Disney movies have a way at tugging at our heartstrings, if not ripping them out completely. Even from the beginning, these movies often have a poignant message, or a subtle undertone that doesn’t leave a dry eye in the house, and the 1981 movie the Fox and the Hound certainly lives up to those heartfelt expectations. While it’s easy to take these movies in passing, understanding the history behind them makes them all the more meaningful.
So let’s take a moment and sniff out the story behind the Fox and the Hound.
An Orphan Fox Finds a Home
As with all heartwarming tales, our hero must come have a tragic past. In this case, the fox was orphaned and taken in by the Widow Tweed who named him Tod. At this time, the Widow Tweed’s neighbor, the hunter Amos Slade has just brought home a new hound puppy named Cooper. The two became fast friends as they romped and played throughout the forest and promised that they would be friends for ever.
The Passing of Time and the Conflict of Friendship
While we know it will happen from the start, we just don’t want to believe it, but the bond of friendship between Tod the Fox and Cooper the Hound will be put to the test. Cooper grows up to be a very able hunting dog and is instructed and pressed by Slade’s other hunting dog, Chief. One night, after Cooper returns home, Tod sneaks over to see his friend only to waken Chief who then alerts Slade. After Tod leads them all on a merry chase, where he’s caught by Cooper. Cooper, out of love for his old friend lets him go, but Chief tracks him down to the railroad tracks. Chief is then struck by a train and injured and Tod manages to escape.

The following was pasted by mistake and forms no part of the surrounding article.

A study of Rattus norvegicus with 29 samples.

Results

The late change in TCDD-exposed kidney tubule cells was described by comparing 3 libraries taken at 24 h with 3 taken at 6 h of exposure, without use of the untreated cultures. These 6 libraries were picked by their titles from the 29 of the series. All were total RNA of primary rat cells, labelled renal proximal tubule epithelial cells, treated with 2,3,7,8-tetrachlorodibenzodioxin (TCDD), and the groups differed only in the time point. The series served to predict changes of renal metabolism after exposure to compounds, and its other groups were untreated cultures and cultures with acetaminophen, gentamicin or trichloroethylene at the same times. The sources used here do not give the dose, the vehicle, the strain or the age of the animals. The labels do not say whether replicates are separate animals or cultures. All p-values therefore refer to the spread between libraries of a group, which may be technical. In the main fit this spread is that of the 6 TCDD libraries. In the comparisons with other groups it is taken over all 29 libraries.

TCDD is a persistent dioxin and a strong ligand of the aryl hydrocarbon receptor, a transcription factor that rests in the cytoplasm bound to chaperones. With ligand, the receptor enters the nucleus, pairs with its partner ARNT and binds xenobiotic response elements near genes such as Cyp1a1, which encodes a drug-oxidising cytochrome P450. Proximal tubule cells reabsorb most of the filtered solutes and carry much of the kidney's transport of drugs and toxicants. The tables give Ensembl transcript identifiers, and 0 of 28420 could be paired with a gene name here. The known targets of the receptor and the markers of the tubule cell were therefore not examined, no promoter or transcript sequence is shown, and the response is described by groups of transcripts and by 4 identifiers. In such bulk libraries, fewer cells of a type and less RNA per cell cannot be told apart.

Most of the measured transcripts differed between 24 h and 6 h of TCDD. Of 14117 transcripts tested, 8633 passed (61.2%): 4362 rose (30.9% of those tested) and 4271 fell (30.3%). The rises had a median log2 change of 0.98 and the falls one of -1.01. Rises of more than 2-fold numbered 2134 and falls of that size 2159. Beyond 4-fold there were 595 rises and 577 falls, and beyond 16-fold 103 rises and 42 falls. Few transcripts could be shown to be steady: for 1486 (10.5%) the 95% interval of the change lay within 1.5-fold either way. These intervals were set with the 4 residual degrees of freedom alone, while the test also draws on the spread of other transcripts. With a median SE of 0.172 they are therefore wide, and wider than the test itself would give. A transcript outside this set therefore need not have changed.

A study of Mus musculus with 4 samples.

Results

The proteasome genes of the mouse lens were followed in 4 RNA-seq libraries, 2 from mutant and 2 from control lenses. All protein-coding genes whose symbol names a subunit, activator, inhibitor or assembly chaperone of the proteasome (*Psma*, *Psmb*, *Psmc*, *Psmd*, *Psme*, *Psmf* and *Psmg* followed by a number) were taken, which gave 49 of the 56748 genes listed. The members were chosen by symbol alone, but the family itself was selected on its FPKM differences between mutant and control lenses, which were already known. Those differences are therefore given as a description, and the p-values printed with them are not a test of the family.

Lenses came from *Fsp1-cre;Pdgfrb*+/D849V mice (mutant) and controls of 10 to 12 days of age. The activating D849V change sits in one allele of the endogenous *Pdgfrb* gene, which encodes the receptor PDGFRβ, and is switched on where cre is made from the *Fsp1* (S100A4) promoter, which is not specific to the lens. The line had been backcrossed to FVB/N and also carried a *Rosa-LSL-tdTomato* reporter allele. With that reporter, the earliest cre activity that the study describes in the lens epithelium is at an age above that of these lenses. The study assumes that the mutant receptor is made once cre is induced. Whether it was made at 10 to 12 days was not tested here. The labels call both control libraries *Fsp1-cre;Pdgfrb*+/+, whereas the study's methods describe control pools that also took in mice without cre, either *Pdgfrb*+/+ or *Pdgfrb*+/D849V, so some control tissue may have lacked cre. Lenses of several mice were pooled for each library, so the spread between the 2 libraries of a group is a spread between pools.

Chief and Cooper blame Tod and vow to hunt him down. The Widow Tweed takes Tod to a game preserve where he begins to learn how to live as a wild fox. Eventually Slade and his hunting dogs make their way to the preserve to finish tracking Tod down. Despite trying to kill him, Tod scares off a bear that attacks Slade and his dogs, and it is only then that they call off the hunt.
The Truth Behind the Story
The real story of the fox and the hound was based off a novel written by Daniel P. Mannix in 1967, although it lacked the fantastic Disney twist of the talking animals and the lifelong friendship, and focused more on Tod’s life in the woods as a wild fox. While it made for a wonderful family movie, the important take away in the lesson of nature vs. nurture. There are many dogs that have high prey drives, mostly due to their instincts to hunt smaller animals. Because of this, it’s very important that you socialize your dogs, especially if you’re bringing one into a house that already has animals or small children.
By socializing your new pup, you can help to retrain some instinctive traits allowing your dog to get along better with everyone in your family, including the fox, or in the case of most families, the cat. Part of both the joy and the challenge of owning a new dog is the training, however, if done correctly, you’d be surprised at the kind of dog your pup can be.